What is chronic childhood malnutrition (CCM)?

It is a multi-causal problem that delays the growth of boys and girls in relation to their age and has a negative impact on their development.

Is it possible for a child to have CCM without being diagnosed?

Yes. Many of these problems are diagnosed with regular child check-ups. However, when people lack access to health services or decide not to go to the suggested check-ups, they may not be diagnosed until complications emerge. The earlier detection and intervention, the fewer future problems there will be.

Can CCM be prevented?

Yes. Timely care is needed especially with women who are pregnant, breastfeeding, or caring for infants. Among other things, access to a healthy and a varied diet and adequate sanitation services are important.

Are the children of migrants more exposed to CCM?

They are a vulnerable group. In many cases migration, when forced or unplanned, exposes infants to a low nutrient intake during their transfer and to living conditions that can be precarious. When that happens, acute (temporary) or chronic malnutrition can develop.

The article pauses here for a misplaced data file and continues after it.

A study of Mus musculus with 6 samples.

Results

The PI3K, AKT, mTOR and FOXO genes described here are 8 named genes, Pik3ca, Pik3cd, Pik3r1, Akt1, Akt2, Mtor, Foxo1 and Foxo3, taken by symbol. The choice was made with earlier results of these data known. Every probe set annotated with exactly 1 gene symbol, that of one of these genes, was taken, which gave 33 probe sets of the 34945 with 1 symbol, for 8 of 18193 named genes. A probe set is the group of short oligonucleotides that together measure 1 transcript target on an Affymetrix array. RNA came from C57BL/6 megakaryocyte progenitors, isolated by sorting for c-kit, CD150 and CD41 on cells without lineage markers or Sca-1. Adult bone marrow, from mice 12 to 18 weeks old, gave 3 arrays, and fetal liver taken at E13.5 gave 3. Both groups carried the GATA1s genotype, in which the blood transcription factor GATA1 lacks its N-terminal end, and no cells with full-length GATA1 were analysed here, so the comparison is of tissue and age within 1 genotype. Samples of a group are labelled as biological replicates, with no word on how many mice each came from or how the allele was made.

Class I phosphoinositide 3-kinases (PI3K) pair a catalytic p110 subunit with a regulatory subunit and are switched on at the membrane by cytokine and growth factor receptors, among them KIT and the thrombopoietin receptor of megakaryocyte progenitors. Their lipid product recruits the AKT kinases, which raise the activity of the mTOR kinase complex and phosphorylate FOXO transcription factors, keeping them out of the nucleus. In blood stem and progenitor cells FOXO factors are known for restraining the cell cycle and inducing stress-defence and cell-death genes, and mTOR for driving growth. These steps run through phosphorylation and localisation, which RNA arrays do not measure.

What are the causes?

CCM is a multi-causal problem. Among the variables with the greatest impact are food deficits in the daily diet, especially in the prenatal stage and during the first years of life. However, there are other causes that can originate it.

What are the consequences of CCM?

It can limit cognitive development, fine and gross motor skills, and generate a propensity for non-communicable diseases such as diabetes, among others, in children.


How are CCM cases handled?

The approach is multidisciplinary. It may involve pediatricians, psychologists, neurologists, and occupational and speech therapists, among others.


What symptoms should you look out for?

They include the following: weight loss, extreme paleness, dry skin, sagging abdomen, raised cheekbones, cold hands and feet, tiredness, fatigue, irritability, attention deficit and memory loss.


Where can migrants go for help in this regard?


They can go to the Grace Foundation (+593 963171970) in Cuenca for medical consultations. Health care is free and universal in Ecuador and migrants, especially those from vulnerable groups, have the right to assistance in the public system.


Pedro Arias -   Grace Foundation General Physician

Laura Caridad - Grace Foundation Head of Nursing

Mercedes Molina - Pediatrician, Hospital del Rio, Cuenca Ecuador

*This material is not intended to replace a medical consultation on the subject. For more information or treatment, require professional help.